Shelby Doyle AIA Assistant Professor of Architecture and Olivia Valentine Assistant Professor of Art & Visual Culture


Mesophases is an installation by students of the Iowa State University College of Design. It celebrates Mainframe Studios’ past, present, and future through a series of installations in textiles and plaster which present the notion of space in transition. The project takes its title from the term mesophase or the state of matter intermediate between liquid and solid.  Mainframe Studios is named for the mainframe computers which once occupied its floors and connected Iowans through telecommunications.  Transformed into a present-day space of creativity, the building now connects the community through art and design. Mainframe Studios and the ISU College of Design share a history and a mission: both were designed by Des Moines architect Charles “Chick” Herbert and both are committed of the possibility of space and design as catalysts to transform communities. 


Mesophases occupies Mainframe Studios’ atrium and serves as a billboard to the adjacent streets, announcing that the space is reinhabited and revitalized by its creative occupants. The fabric-cast objects in each planter recall the modularity and rigidity of the historic computer bays for which Mainframe is named. Remaking these bays in fabric transforms the circuits into porous and permeable cast objects.  The knit fabrics stretched above the space create a canopy and entry sequence to Mainframe’s lobby. By wrapping the space in changing light and shadows passerby are welcomed into the atrium. The structural concrete column at the atrium’s center is transformed in a new-knit column. This design evokes the substrate of a coral reef, an environment populated and defined by its support for a wide-variety of life.  Mesophases holds in tension ideas and materials – plaster and textiles, new and old, surfaces and objects, rigid and soft. In doing so, the project reveals how differences and oppositions can work in concert as a form of connectivity.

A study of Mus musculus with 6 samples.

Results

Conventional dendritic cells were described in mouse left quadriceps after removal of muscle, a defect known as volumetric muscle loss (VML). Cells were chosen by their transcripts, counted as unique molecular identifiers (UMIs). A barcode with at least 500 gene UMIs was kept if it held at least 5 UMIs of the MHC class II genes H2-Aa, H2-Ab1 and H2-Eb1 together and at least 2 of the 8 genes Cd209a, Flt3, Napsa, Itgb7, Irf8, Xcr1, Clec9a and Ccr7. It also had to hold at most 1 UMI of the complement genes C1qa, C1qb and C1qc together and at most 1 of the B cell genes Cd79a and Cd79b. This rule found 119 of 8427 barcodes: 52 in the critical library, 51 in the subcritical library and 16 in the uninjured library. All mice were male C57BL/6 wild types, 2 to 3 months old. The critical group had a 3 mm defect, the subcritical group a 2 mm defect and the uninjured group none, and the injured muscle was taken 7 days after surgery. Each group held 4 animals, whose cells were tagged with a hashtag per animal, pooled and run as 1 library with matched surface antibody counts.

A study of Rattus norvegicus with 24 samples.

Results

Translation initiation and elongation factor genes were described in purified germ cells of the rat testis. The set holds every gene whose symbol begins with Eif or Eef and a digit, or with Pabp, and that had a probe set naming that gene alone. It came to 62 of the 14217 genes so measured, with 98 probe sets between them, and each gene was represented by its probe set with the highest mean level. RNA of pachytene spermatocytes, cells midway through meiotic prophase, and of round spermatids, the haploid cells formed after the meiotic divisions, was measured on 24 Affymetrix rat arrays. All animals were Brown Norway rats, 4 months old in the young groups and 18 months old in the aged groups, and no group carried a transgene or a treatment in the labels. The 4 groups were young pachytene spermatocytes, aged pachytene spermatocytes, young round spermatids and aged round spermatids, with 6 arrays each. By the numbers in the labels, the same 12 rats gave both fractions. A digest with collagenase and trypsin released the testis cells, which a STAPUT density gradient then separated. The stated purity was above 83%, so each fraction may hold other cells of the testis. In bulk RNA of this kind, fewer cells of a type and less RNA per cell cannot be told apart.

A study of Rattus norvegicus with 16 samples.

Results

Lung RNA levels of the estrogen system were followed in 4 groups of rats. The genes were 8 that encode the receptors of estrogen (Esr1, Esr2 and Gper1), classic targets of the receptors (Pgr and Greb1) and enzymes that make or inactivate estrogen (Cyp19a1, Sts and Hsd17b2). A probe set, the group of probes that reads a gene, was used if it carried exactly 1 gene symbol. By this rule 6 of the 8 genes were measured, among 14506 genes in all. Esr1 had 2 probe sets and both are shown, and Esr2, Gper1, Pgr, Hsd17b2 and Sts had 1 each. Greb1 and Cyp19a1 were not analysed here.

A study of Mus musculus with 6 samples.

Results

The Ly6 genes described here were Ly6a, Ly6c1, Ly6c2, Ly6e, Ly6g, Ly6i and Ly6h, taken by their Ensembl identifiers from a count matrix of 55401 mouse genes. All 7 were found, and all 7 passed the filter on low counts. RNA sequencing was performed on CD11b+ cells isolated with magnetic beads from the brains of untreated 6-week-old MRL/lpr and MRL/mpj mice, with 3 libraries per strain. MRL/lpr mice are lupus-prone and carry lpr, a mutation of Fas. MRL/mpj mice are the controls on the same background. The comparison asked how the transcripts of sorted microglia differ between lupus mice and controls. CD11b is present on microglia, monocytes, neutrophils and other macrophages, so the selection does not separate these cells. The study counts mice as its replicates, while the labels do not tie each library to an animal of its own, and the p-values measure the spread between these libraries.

This course was possible because the Iowa State University College of Design is one of the most comprehensive design colleges in the country: home to seven departments, fostering opportunities for unique interdisciplinary collaborations. 

Architecture Tyler Beers, Leray Chen, Alex DuToit, Eric Heckman, Ayla Hendrickson, Seth Jenkins, Nathan Jones, Jessie Laughridge, Brandon Lewis, Michael McKinney, Nate Sands, Ian Spadin, Casey White Art & Visual Culture Dan Nutt Industrial Design Claire Kilfoyl Interdisciplinary Design James Patterson Interior Design Shannon Burkle, Linsey Schminke, Katelyn Schmitt Landscape Architecture Riley Dunn, Charlie Rueb, Cassie Schilling


This course hosted three workshops which supported the development of this installation.

Matsys Andrew Kudless, Associate Professor of Architecture, California College of the Arts

This 3-day workshop focused on the use of flexible fabric formwork in casting plaster and concrete. This workshop explored both analog and digital techniques for the design and simulation of casting using flexible formwork.  In addition, students worked in groups to develop a collective series of cast wall panels.

Construction Engineering Cliff Plymesser, Senior Lecturer Civil, Construction and Environmental Engineering  and Vice President, Customer Solutions Group at EFCO Corp.

This 4-day workshop focused on the structural integrity of the proposed installation. This collaboration emerged due to a grant from JE Dunn Construction to support engagement between students from architecture and construction engineering.  

Fologram Gwyllim Jahn, CCO

This 2-day workshop introduced the use of augmented reality for design and construction. This involved the integration of 3D digital models into the Mainframe atrium via Microsoft Hololens with Fologram a software that integrates Hololens with Rhino 3D modeling software.